BUENOS AIRES — Four Uruguayan priests have been suspended for sexual abuse of minors following a Church-led investigation that has uncovered 44 accusations against 40 priests over 70 years.

The probe was ordered earlier this year by Cardinal Daniel Sturla, the Archbishop of Montevideo, following a three-part Uruguayan TV documentary series that claimed to reveal a cover-up in the Church.

The series, Santo y Seña, was inspired by the U.S. movie Spotlight, which tells the story of the journalistic exposé of clerical sex abuse in 2001.

In April the bishops created a dedicated phone line to allow people to step forward and make the accusations, promising that they would be investigated.

The bishops reported Wednesday that 44 cases have so far come to light, 18 of which referred to events more than 40 years ago, and 16 between 20 and 40 years ago.

In five cases the allegations of sexual misconduct fell within the past 10 years, but none of these involved minors.

Twenty of the cases related to religious orders and were investigated by the superiors concerned while the other 24 cases related to diocesan clergy and were investigated by their bishops, the statement notes.

A number of cases could not be investigated because the alleged victims did not want to give details, wanting only to be heard and understood, the bishops said. Of the 40 priests identified as a result of the calls, 20 are dead and nine are still being looked into, while some of the cases proved baseless following investigation.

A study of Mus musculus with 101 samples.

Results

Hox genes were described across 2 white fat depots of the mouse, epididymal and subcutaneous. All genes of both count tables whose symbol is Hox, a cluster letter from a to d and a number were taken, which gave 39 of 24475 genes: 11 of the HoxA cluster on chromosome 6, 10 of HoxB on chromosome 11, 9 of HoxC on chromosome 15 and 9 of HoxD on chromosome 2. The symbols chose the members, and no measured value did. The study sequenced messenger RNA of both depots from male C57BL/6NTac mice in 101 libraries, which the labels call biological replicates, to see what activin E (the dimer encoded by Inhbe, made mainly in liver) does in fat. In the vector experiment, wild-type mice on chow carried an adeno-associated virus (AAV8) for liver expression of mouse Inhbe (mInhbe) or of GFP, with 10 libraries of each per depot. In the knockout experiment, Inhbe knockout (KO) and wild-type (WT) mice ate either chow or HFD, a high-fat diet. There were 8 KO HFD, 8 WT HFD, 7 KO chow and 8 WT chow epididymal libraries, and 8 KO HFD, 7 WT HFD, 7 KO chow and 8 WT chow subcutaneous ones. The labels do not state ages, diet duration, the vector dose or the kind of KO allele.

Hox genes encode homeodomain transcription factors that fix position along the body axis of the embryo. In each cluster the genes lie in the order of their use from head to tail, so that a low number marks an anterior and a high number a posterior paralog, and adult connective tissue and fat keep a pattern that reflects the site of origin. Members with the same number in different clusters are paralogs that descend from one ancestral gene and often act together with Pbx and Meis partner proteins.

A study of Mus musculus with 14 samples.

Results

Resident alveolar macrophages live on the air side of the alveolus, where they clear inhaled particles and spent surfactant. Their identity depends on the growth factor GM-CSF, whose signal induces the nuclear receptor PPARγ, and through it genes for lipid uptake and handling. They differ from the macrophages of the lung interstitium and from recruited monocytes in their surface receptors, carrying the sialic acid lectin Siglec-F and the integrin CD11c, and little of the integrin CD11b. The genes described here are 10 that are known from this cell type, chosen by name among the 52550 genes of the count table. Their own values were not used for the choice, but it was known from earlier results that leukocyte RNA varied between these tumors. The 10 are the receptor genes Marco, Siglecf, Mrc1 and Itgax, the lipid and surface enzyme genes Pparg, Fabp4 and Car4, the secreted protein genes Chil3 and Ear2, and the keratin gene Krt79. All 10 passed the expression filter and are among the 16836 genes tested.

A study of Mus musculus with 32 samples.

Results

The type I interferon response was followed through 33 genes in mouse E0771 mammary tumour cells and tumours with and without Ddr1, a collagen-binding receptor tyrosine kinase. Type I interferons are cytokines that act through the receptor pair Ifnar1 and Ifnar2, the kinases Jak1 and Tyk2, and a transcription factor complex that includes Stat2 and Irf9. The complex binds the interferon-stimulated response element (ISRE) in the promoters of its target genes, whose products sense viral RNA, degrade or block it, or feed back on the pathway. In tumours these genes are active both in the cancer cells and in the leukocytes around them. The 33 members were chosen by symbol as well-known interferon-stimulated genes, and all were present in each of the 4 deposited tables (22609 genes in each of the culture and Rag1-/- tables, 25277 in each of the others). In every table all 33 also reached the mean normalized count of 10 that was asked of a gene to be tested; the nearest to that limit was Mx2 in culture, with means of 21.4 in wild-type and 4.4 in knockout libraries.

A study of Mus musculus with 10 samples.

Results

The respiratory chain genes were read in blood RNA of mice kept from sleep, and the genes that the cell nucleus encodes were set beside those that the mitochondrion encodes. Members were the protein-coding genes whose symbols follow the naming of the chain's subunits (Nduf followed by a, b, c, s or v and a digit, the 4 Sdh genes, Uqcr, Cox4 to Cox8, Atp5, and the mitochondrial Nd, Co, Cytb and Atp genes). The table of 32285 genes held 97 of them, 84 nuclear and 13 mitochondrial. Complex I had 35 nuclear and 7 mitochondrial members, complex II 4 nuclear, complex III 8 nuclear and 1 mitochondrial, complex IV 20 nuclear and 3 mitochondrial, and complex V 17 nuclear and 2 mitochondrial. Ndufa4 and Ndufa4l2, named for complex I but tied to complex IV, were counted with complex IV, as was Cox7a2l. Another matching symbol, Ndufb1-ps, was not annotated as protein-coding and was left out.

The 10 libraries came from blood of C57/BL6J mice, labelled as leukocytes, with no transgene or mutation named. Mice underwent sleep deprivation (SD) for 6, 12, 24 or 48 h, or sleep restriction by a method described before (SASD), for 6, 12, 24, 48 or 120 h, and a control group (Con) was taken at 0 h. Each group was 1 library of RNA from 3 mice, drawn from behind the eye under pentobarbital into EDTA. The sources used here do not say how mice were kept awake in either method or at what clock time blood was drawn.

In none of the cases of abuse of minors has an accusation been referred to the police, either by the alleged victims or by the Church, because they fall outside Uruguay’s statute of limitations, meaning that the alleged abuses took place too long ago to be considered crimes.

In the last five years no cases have come to light of priests abusing minors, Sturla said, adding that “this doesn’t mean none has happened.”

But as a result of the investigation the Church has suspended from active ministry four priests “so that they cannot harm anyone,” the secretary-general of the Uruguay bishops’ conference, Milton Trócolli, told journalists.

“Of those four cases, two were with people who at the time of the abuse were minors, and two were adults. In the case of the minors, the cases fall outside the statute of limitations while in the case of the adults we urged them to report the matter to the authorities, but they didn’t,” Trócolli added.

Trócolli said that following a “fact-gathering” phase if there is evidence or likelihood of the complaint being true, it is referred to Rome, which then gives the go-ahead for the canon law process leading to the suspension of the priests.

Sturla said he felt “deep pain and shame” at the cases.

“Beyond the fact that the Church demands of its priests and consecrated men and women a higher moral standard, this is a human drama that must be attended to, because it involves people causing so many wounds and pain,” he told journalists.

The bishops also announced a new Child Protection Commission within their Department of Catholic Education, which is working to create a safe environment for minors within church institutions in Uruguay.

They also noted that Pope Francis has asked all bishops’ conferences to observe a day of penance to ask forgiveness of the victims of sexual abuse of minors, and that in Uruguay this will be held on 1 March 2017, to coincide with Lent.

However, they added, “our commitment is permanent, so that these situations never again arise in any church environment.”